Concrete Curing - The Facts
- Cold fog gets absorbed into the warmer surrounding air more efficiently and evenly compared to steam. Steam will condensate a lot of its moisture as it enters the cooler surrounding air, in addition to increasing heat !
- An increase in heat will work against attempts to increase humidity levels. As air heats up, it expands and will decrease its RH %
- The amount of energy necessary to convert 1 lb. water to steam is 970.4 (Btu/lb)
- The amount of energy necessary to atomize 1 lb. water using the Aquafog system is 25.9 (Btu/lb)
Reprinted from Design and Control of Concrete Mixtures, EB001.12T, Chapter 10.
©Portland Cement Association, 1980
Curing has a strong influence on properties of hardened concrete such as durability, strength, watertightness, wear resistance, volume stability and resistance to freezing and thawing.
When portland cement is mixed with water, a chemical reaction called hydration takes place. The extent to which this reaction is completed determines the strength, durability and density of the concrete. Most fresh concrete contains considerably more than enough water for complete hydration of the cement; however, any appreciable loss of water by evaporation or otherwise will delay or prevent complete hydration. Since hydration is relatively rapid the first few days after fresh concrete is placed, it is important for the water to be retained during this period, that is, for evaporation to be prevented or at least reduced. The objects of curing, therefore, are:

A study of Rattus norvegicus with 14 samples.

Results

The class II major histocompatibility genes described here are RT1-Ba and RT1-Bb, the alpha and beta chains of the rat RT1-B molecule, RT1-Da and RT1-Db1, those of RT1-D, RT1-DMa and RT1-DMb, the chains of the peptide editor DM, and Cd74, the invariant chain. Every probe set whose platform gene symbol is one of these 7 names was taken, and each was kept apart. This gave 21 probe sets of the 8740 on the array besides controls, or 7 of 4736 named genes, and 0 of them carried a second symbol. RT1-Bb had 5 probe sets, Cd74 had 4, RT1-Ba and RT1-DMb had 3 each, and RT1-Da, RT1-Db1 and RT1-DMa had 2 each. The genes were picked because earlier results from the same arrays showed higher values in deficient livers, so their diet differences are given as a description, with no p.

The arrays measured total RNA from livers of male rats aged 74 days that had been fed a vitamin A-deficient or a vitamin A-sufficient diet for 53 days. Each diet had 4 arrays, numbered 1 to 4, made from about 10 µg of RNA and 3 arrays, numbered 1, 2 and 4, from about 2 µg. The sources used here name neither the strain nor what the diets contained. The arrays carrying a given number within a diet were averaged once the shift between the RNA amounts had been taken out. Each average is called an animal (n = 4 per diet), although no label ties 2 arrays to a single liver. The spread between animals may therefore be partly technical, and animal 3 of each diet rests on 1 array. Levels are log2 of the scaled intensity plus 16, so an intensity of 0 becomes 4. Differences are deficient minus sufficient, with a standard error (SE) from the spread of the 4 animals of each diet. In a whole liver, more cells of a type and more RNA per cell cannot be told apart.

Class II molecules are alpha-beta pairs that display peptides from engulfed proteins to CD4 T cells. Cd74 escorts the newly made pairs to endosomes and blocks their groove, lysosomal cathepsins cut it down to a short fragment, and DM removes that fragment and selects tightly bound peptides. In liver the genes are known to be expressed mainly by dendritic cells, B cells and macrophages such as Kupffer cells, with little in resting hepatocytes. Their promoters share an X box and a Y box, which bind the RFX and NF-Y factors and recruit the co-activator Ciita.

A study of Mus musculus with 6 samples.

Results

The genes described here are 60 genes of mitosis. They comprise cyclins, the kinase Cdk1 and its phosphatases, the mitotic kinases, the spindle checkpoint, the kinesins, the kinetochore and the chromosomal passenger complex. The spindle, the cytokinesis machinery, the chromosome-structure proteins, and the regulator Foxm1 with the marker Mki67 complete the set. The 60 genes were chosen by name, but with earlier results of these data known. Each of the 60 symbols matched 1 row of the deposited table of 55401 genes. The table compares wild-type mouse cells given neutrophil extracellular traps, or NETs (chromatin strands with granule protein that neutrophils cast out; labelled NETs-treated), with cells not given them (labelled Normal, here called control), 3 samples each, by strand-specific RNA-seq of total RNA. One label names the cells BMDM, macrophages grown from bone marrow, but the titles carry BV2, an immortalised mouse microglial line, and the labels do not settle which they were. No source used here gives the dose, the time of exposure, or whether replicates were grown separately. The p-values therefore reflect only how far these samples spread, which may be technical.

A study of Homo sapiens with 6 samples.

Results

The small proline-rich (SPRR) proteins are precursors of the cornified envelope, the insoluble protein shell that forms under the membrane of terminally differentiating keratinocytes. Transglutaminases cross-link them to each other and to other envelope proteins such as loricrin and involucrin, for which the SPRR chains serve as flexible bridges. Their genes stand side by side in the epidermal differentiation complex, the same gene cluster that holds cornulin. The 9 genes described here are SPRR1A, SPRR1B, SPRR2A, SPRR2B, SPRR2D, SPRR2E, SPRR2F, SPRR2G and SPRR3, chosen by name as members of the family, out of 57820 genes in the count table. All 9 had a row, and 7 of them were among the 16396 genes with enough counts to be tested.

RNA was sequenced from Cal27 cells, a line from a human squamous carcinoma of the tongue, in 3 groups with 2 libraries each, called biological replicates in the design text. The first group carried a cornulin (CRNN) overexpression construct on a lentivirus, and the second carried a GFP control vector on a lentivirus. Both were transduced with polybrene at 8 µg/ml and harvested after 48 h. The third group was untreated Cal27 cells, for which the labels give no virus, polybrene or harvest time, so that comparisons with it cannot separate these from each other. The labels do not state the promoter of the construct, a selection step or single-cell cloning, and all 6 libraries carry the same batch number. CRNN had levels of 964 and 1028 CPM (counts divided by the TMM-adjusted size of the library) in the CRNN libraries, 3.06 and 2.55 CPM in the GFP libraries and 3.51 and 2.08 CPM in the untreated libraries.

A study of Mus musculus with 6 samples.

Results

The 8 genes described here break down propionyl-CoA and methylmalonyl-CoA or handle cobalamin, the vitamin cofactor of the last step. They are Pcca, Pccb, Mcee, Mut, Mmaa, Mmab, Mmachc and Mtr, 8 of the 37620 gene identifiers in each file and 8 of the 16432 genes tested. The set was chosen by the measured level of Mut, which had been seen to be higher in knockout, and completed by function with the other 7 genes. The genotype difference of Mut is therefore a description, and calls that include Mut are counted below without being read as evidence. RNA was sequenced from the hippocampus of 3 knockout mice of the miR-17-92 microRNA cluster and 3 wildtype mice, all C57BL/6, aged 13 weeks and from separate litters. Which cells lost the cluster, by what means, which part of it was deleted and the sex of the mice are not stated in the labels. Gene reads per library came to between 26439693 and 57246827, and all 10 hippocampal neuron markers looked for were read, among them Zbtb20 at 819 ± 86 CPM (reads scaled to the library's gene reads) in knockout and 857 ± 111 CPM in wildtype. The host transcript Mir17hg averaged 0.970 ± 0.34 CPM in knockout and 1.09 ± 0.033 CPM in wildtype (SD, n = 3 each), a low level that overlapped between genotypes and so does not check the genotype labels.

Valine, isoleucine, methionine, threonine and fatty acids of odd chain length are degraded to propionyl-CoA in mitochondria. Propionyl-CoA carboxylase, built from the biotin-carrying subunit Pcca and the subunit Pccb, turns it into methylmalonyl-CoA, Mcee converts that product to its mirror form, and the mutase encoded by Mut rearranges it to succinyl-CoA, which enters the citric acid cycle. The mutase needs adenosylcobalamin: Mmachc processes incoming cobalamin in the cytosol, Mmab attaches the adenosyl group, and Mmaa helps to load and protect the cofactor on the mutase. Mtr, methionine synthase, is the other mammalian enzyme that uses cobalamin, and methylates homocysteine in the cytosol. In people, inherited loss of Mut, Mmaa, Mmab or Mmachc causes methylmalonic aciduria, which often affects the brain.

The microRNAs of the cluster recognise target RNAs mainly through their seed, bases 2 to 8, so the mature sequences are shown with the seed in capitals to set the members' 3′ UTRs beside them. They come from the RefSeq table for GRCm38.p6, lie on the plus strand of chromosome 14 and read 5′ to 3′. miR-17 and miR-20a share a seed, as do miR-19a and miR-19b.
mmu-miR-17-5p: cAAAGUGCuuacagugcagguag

2. To control the concrete temperature for a definite time.
With proper curing, the concrete will become stronger and more resistant to stress, abrasion and frost. The improvement is rapid at early ages but continues more slowly for an indefinite period. For example, Fig. 1 charts the strength gain of concrete with age.
The most effective method for curing concrete depends upon the circumstances. For most jobs, normal curing is adequate but in some cases, such as in hot and cold weather, special care is needed.
When moist curing is interrupted, the development of strength continues for a short period and then stops. However, if moist curing is resumed, strength development will be reactivated. Although it can be done in a laboratory, it is difficult to resaturate concrete in the field. Thus, it is best to moist-cure the concrete continuously from the time it is placed until it has sufficient strength, impermeability and resistance to abrasion, freezing and thawing and chemical attack.
Loss of water will also cause the concrete to shrink, thus creating tensile stresses at the drying surface. If these stresses develop before the concrete has attained adequate tensile strength, surface cracking can result. All exposed surfaces, including exposed edges and joints, must be protected against moisture evaporation.
Hydration proceeds at a much slower rate when the concrete temperature is low. Temperatures below 59°F (10°C) are unfavorable for the development of early strength; below 40°F (4.5°C) the development of early strength is greatly retarded; and at or below freezing temperatures, down to 14°F (-10°C), little or no strength develops. In recent years, a maturity concept has been introduced to evaluate the development of strength when there is variation in the curing temperature of the concrete. "Maturity" is defined as the product of the age of the concrete and it's average curing temperature. The method is fully described in American Concrete Institute Committee 306 Report, Cold-Weather Concreting. It follows that concrete should be protected so that it's temperature is kept favorable for hydration, and moisture is not lost during the early hardening period.